Information contained in this publication is intended for informational purposes only and does not constitute legal advice or opinion, nor is it a substitute for the professional judgment of an attorney.
In Arnold v. Mutual of Omaha Insurance Company, a California appellate court issued a published decision holding that insurance agents are not employees under the California Labor Code. This appears to be the first time the court has addressed the status of insurance agents.
The plaintiff filed a putative class action asserting that she was misclassified as an independent contractor and therefore denied reimbursement of business related expenses under Labor Code section 2802, and was not paid all wages in a timely fashion. She also asserted that failure to pay business expenses constituted an unfair business practice.
The trial court granted the defendant summary judgment, finding that the plaintiff was an independent contractor under the common law standard set forth in S. G. Borello & Sons, Inc. v. Department of Industrial Relations, 48 Cal. 3d 341 (1989), and therefore not entitled to business expense reimbursement or timely payment of wages.
The plaintiff appealed, asserting it was error to apply the common law standard rather than the broader statutory standard under Labor Code section 2750. The court rejected the plaintiff’s contention, stating that “section 2750 does not supply such a definition of ‘employee’ that is clearly and unequivocally intended to supplant the common law definition of employment for purposes of Labor Code section 2802.”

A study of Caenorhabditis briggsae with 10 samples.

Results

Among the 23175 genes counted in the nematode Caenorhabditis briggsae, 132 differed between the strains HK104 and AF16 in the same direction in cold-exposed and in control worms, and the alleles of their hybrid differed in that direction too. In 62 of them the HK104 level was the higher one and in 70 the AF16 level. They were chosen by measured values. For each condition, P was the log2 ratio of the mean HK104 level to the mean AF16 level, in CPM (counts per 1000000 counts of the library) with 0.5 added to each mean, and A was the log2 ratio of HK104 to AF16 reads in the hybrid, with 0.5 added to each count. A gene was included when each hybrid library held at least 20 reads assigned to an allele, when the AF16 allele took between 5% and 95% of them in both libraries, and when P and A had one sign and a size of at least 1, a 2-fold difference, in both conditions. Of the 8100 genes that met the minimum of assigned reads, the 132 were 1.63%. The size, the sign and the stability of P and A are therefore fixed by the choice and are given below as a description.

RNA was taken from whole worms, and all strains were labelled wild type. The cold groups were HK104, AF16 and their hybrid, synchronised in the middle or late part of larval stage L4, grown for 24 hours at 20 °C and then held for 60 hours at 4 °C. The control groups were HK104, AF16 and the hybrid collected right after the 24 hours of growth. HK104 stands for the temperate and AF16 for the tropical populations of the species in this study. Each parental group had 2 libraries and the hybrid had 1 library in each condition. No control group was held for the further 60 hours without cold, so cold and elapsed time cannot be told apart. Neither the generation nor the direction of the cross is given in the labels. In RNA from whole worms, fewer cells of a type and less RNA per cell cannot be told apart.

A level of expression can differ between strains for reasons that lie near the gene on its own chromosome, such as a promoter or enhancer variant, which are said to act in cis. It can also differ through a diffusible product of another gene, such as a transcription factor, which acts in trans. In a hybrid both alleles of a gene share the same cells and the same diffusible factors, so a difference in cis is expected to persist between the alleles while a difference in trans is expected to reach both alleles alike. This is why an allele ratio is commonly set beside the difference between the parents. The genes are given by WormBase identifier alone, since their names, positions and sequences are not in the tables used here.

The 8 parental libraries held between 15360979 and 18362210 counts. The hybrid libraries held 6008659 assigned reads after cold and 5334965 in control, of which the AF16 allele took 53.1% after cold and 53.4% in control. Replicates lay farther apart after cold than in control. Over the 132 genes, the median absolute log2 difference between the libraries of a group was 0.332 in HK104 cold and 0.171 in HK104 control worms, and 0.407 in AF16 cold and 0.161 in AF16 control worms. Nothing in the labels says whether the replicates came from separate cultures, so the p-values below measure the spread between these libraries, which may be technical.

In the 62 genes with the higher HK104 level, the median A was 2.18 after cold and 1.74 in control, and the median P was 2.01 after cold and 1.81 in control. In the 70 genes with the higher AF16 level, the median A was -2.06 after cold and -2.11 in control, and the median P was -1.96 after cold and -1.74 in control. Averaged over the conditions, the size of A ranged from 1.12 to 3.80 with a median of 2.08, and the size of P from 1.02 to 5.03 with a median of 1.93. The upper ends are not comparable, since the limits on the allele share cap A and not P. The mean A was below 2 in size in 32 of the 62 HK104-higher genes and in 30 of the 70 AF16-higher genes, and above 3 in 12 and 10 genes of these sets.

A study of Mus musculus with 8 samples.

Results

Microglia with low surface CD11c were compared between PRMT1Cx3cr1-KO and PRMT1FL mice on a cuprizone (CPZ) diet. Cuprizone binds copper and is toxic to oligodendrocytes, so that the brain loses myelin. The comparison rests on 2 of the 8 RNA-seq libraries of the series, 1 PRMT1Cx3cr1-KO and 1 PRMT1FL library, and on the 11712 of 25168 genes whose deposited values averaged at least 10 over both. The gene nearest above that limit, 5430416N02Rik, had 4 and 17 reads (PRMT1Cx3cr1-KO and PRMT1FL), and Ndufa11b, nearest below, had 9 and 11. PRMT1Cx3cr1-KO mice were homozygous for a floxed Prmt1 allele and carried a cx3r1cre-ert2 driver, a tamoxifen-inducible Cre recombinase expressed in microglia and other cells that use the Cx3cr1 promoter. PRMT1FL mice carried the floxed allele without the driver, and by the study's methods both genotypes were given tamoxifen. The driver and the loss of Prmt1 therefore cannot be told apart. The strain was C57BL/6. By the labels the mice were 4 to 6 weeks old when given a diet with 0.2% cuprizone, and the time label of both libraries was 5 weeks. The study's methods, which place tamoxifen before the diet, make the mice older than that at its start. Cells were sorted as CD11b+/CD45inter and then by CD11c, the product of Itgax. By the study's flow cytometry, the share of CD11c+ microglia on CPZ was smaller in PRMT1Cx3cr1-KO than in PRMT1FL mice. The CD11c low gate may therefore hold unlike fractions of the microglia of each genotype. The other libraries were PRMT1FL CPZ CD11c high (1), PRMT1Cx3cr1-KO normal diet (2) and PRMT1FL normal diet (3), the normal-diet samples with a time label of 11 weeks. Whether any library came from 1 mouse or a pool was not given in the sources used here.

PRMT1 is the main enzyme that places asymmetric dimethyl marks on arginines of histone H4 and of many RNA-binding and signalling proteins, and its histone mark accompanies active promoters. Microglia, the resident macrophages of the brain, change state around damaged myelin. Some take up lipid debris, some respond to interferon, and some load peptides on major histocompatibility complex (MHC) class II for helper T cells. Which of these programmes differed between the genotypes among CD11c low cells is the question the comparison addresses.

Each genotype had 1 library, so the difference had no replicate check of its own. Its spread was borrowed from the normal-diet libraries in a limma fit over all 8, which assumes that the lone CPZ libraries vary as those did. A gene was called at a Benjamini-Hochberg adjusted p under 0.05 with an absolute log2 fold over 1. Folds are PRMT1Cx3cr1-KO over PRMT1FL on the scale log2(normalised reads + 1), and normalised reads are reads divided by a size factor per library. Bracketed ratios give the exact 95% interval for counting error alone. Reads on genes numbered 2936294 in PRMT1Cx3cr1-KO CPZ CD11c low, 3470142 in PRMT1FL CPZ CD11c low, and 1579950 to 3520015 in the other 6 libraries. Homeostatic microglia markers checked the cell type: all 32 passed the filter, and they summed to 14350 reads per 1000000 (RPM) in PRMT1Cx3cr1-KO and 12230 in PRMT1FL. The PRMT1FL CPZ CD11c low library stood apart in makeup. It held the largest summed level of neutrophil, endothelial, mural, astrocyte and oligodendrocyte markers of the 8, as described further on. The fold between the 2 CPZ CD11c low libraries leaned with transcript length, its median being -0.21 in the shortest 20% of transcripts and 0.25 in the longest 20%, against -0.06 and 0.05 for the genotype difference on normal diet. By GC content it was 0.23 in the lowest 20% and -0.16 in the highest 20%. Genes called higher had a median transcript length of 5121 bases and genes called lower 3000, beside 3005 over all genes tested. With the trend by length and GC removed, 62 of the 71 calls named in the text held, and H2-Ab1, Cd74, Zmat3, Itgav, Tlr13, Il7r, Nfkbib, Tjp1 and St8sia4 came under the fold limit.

The court then upheld the determination that the plaintiff was an independent contractor under the common law. It found that Mutual’s managers made themselves available to assist agents, but did not supervise them, offered training, but did not make it mandatory, and offered software as a “best practice.” Facilities were offered to agents, who paid a fee for use. While paid at regular intervals, there was no guarantee of compensation. Her appointment was non-exclusive, and she was free to sell other companies’ policies. She was engaged in a distinct occupation requiring licensing by the Department of Insurance, paid all her own expenses, provided her own tools, and the parties believed they were forming an independent contractor agreement. Also, the court noted that while the contract was “at-will,” such clauses could be included in independent contractor agreements. The court thus concluded that there was sufficient evidence to support the trial court’s grant of summary judgment.
Photo credit: Ed Bock Photography, Inc.